Allergic reaction (Urticaria)
 
Identifying an Allergic reaction:
  • Generally appears as a red lesion on the skin, the skin is raised by a few millimetres and is very itchy.
  • Run your fingers gently along the lesion to confirm an allergic reaction.
  • Itching is a common occurrence during an allergic reaction but not always. Itching could also sometimes be caused by other factors and should be diagnosed differently.
  • The appearance of the lesion depends on the area of exposure (mostly). For eg. Skin.
  • If the child has consumed the allergic substance, it can present itself as swelling/ redness over/near the mouth.
Seek medical advice if:
  • The reaction is severe accompanied by pain and discomfort
  • There is swelling of lips or the mouth
  • There is noisy breathing or discomfort while breathing
  • There is discolouration of urine
  • You suspect other causes/ Complications.
Treatment
  • In mild cases, treatment is generally not necessary. It usually subsides in a few hours.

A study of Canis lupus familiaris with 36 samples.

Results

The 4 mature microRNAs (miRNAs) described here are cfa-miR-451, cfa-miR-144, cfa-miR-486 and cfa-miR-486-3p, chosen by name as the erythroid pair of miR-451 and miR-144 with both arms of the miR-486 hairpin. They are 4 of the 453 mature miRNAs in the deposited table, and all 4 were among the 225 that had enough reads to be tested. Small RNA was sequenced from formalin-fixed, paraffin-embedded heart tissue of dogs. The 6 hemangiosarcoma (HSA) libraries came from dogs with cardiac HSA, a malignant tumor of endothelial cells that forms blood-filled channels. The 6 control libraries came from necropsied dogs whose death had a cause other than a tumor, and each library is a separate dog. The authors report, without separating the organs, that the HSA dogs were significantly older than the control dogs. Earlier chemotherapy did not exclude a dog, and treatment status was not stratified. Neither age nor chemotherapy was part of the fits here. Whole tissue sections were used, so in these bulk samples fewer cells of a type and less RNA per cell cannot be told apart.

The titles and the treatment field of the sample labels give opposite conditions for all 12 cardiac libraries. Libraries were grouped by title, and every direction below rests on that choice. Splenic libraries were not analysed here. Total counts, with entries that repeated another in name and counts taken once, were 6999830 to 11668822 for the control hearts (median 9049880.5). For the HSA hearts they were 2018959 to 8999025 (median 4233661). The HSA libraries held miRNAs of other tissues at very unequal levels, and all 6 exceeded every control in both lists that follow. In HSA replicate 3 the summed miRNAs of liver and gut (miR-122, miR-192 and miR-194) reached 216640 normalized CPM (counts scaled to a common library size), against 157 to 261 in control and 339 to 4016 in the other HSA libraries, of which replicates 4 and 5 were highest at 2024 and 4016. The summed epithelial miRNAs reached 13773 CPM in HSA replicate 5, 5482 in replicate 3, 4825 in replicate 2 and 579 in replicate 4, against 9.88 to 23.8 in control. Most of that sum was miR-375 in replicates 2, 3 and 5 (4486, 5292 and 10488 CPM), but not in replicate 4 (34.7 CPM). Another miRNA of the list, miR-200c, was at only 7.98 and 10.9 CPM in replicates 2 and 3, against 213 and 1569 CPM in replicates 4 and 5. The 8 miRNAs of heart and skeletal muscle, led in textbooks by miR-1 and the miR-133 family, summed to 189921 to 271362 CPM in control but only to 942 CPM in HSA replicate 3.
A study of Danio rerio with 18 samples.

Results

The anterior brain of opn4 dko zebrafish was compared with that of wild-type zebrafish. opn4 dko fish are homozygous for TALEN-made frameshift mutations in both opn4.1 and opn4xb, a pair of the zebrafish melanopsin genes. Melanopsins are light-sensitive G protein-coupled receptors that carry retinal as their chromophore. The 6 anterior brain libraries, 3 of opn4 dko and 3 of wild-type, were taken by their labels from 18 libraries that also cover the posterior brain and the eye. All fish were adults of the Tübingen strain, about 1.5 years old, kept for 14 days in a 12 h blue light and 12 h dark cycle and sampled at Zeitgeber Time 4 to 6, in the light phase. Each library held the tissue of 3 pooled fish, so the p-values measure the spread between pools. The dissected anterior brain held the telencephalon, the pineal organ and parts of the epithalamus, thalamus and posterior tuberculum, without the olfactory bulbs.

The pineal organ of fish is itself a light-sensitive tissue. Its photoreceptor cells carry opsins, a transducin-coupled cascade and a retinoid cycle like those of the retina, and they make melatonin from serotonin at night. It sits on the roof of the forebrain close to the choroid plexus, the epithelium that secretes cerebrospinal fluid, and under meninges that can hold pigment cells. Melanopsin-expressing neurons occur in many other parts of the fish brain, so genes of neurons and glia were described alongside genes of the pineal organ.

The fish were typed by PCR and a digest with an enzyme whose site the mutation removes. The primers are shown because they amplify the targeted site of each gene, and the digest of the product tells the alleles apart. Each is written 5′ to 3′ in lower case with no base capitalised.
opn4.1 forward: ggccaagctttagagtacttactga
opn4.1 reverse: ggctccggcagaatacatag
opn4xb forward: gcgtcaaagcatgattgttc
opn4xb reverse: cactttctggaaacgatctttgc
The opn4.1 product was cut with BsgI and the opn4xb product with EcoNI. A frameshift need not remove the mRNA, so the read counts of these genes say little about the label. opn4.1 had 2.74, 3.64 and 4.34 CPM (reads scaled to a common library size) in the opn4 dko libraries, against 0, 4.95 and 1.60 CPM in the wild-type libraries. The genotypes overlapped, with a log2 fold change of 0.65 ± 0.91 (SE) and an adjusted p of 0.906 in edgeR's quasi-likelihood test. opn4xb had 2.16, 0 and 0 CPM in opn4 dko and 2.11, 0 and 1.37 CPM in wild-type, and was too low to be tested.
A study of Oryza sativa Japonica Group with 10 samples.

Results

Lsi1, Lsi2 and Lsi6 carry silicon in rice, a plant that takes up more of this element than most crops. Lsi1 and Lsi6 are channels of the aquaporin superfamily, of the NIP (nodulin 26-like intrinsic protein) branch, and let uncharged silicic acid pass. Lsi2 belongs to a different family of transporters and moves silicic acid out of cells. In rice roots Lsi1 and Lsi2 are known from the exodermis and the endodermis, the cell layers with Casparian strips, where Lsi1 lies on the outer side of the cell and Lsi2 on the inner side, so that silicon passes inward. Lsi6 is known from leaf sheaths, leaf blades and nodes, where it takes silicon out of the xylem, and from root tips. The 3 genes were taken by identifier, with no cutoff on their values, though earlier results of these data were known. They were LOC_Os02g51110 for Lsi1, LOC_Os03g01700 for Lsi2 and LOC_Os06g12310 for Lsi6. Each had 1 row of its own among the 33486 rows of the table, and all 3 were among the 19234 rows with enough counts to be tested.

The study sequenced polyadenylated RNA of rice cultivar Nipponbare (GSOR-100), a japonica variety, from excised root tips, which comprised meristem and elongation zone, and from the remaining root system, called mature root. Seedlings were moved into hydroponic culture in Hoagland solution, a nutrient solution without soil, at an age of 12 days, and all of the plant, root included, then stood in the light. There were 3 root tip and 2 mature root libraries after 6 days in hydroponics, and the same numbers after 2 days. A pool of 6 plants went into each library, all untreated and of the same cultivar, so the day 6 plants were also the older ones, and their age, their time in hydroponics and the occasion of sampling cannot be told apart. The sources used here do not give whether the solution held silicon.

• If moderate reaction/ discomfort, start oral antihistamines ( Chlorphenamine/ cetirizine) which are over the counter medications.
  • A short course of steroid tablets (oral corticosteroids) may occasionally be needed for more severe cases.
  • Adrenaline injections may be given in the hospital if there is a severe reaction.
  • Meet your paediatrician if you are worried about the extent of the reaction.
  • In severe reactions (anaphylaxis) you will be given Adrenaline auto-injector (a pen device with adrenaline)
Investigations
  • Skin prick test can be done to find the suspecting allergen.
  • Small quantities of allergen are injected into the skin and the reaction is analysed.
Complications (Immediately consult your doctor if any of the below are present)
  • Angioedema( swelling in the deeper layers of skin)
  • Anaphylaxis (swollen eyes, lips/ breathing problem/ vomiting/ unconsciousness)
Using Adrenaline auto-injector pen (EPI-PEN, JEXT)
  • It is a pen-like device containing Adrenaline in chemical form to treat severe allergic reactions.
  • It is important that you use the auto-injector correctly so that the adrenaline is delivered into your muscle and works quickly. Ask for training from your doctor or nurse on how to use your adrenaline auto-injector.
  • Carry two injectors with you at all times.
  • The first dose should be given immediately and the second dose can be repeated after 15 minutes if symptoms don’t improve. Call for an ambulance immediately after the first dose.
  • Your family members, carers or teachers should also be instructed in the correct use of the auto-injector. Wear a band instructing your condition.